I thought about this one more time as I sprayed the tub with a bleach-based cleaning agent and took note of all the toxic cleaners I had for various tasks. I live in an area where black mold is a serious threat, so the monthly bleach treatment of wet spaces and the A/C pipes is a must.
Our area is also famous for airborne pollen and an annual event called "cedar fever," caused when a cold snap triggers the release of cedar pollen in clouds of reddish dust. Between that, elm, mold, livestock, auto exhaust and whatever else in our semi-rural environs, you'd think outdoor air quality, monitored diligently by our local meterologists, would be worse than in your home. Think again!
We recently had to replace our central heating and air system and I was horrified by the grungy condition of the old unit. Because the upstairs air intake is next to our daughter's room and across from the tall hall mirror where she liked to brush her hair, I would "swear" there was a whole head of her hair in that unit! Plus, over 25 years worth of dust bunnies, pet hair and who knows what else clogged the internal filters. I keep insisting that the air ducts should be cleaned, but the kid (very young person) who checked our system prior to its replacement said that was such an unnecessary task. What does he know - all you have to do is look at the dust around the vents to see that there's stuff being blown through by our nice, new, powerful unit.
Carpeting and furry pets do not mix. I read somewhere that over 85% of household dirt is tracked in by shoes and pets and it gets ground into the padding of the carpet. So, no matter how much you vacuum and steam clean, all you're doing is creating mud. What a thought!
Formaldehyde can also be found in carpeting. Remember that new carpet smell? It can also be found in paneling, cabinetry, upholstery and permanent press clothes.
This only scratches the surface of what causes indoor air pollution. The cleaners we use, our pets, improperly filtered vacuum cleaners, even the scents we use are among the daily contributors to poor ambient air quality. The other major contributor is poor ventilation. Proper ventilation allows air flow throughout the house, drying out moisture trapped in the attic and eaves and pushing out stale air while bringing in the fresh. But, how many of us will open the windows every day, especially if it's hot or very cold out?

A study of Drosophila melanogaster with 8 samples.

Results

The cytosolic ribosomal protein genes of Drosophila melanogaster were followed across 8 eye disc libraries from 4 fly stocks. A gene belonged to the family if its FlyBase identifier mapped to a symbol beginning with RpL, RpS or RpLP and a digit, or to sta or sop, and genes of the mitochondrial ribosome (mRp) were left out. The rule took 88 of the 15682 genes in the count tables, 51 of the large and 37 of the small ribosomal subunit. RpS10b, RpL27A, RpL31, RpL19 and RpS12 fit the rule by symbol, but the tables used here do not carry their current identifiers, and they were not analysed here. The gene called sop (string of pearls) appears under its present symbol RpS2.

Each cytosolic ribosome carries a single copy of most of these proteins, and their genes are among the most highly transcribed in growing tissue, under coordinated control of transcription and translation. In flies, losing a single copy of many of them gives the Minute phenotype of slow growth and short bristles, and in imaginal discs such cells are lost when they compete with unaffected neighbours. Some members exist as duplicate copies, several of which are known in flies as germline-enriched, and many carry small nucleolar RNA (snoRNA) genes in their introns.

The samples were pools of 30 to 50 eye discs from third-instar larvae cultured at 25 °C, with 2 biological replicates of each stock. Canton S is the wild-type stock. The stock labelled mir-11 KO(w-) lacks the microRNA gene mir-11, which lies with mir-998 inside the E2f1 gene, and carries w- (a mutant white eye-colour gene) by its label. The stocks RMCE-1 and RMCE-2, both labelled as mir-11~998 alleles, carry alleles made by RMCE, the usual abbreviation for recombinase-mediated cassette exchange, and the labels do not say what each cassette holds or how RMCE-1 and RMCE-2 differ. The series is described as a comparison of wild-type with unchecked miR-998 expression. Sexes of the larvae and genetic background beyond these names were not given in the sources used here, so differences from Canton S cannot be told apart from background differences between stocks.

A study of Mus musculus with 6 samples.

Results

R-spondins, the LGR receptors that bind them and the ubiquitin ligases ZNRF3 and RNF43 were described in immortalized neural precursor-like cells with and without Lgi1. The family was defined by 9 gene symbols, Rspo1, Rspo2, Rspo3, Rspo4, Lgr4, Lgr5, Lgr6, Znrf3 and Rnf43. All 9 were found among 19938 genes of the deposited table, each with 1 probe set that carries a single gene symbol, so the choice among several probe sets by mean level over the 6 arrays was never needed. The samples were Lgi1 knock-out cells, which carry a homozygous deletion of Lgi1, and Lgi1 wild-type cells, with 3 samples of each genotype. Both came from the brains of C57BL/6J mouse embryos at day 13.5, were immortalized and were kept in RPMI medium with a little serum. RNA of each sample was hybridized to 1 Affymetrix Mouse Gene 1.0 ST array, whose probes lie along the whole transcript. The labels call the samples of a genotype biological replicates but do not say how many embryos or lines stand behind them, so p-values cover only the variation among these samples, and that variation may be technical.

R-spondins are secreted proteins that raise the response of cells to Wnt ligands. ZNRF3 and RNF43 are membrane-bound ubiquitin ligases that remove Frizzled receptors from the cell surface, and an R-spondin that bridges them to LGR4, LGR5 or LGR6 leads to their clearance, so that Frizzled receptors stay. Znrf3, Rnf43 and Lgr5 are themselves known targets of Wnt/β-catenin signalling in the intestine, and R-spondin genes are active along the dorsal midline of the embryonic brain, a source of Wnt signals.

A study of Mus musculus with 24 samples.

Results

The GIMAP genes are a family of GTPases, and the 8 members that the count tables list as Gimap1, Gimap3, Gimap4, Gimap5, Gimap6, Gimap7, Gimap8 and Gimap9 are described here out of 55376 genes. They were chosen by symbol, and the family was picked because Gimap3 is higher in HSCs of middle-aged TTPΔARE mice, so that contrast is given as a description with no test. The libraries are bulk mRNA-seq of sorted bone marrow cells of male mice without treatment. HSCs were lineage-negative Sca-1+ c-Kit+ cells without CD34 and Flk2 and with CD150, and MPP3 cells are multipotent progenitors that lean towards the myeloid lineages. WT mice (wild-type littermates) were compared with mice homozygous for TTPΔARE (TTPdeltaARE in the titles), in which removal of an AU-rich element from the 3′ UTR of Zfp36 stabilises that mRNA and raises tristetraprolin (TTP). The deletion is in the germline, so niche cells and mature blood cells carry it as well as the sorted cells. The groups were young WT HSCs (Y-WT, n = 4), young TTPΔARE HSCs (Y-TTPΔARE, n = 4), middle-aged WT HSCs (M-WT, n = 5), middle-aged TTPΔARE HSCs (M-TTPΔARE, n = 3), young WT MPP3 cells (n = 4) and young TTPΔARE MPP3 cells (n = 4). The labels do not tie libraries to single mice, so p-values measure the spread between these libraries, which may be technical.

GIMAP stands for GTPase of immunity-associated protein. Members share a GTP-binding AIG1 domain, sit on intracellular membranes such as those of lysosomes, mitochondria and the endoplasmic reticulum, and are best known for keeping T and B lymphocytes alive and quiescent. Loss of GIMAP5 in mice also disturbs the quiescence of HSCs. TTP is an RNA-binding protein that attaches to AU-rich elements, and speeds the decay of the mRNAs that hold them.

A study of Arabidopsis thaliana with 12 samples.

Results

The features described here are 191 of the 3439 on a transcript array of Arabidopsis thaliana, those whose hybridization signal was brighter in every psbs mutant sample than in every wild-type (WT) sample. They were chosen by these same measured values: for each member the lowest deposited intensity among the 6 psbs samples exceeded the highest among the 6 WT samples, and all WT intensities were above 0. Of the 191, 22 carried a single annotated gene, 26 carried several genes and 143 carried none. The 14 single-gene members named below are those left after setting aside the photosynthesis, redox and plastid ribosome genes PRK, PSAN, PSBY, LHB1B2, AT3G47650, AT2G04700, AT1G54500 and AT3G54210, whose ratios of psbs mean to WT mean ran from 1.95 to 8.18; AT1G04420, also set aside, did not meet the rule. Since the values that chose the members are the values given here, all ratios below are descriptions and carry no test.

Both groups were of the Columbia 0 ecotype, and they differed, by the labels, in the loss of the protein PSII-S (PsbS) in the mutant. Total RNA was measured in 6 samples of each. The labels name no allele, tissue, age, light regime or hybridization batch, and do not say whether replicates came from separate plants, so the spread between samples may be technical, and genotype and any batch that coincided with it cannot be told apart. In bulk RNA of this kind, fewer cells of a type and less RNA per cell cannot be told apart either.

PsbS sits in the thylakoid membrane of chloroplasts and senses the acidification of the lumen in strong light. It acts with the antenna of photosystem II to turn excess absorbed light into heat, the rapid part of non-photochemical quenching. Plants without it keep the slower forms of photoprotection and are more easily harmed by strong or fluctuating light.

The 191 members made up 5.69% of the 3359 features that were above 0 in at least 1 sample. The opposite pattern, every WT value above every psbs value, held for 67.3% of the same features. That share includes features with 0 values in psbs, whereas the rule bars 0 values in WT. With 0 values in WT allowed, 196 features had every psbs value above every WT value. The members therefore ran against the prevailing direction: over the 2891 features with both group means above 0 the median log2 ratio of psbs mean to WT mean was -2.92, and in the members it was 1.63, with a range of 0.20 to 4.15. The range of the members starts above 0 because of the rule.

I have a habit of opening windows every morning, regardless the temperature. This drives my husband crazy, but I can't stand stale air and am not fond of masking it with air sprays or candles. Inasmuch as I try to avoid daily use of toxic cleaners, opting for natural products as much as possible, mold, mildew and lime only respond to heavy duty agents.
I also have a habit of not making my bed first thing in the morning, turning the duvet down, instead, to air the linens. This dries the linens, thereby killing dust mites.
Using filters inside air vents, and changing them regularly, helps trap large particles traveling through the ducts. An electrostatic air cleaner working in tandem with your central air system also helps trap particles.
All the same, my house does literally make me sick. We've been slowly replacing the carpeting with wood and tile. One of these days, perhaps the cat will go live with his owner (my daughter). Between the carpeting, the vents and the household products, I'm one of millions suffering from chronic respiratory issues. Indoor air quality affects people with asthma, and might even lead to more serious health concerns. Black mold can kill - yikes!
The CDC has a list of resource and reports on air pollution and respiratory health, including indoor air quality issues: http://www.cdc.gov/nceh/airpollution/indoor_air.htm
For more on indoor and residential air pollutants: http://extoxnet.orst.edu/faqs/indoorair/air.htm
Indoor Pollution Control for Your Home:
The Importance of Home Ventilation:
How have you dealt with issues in your home?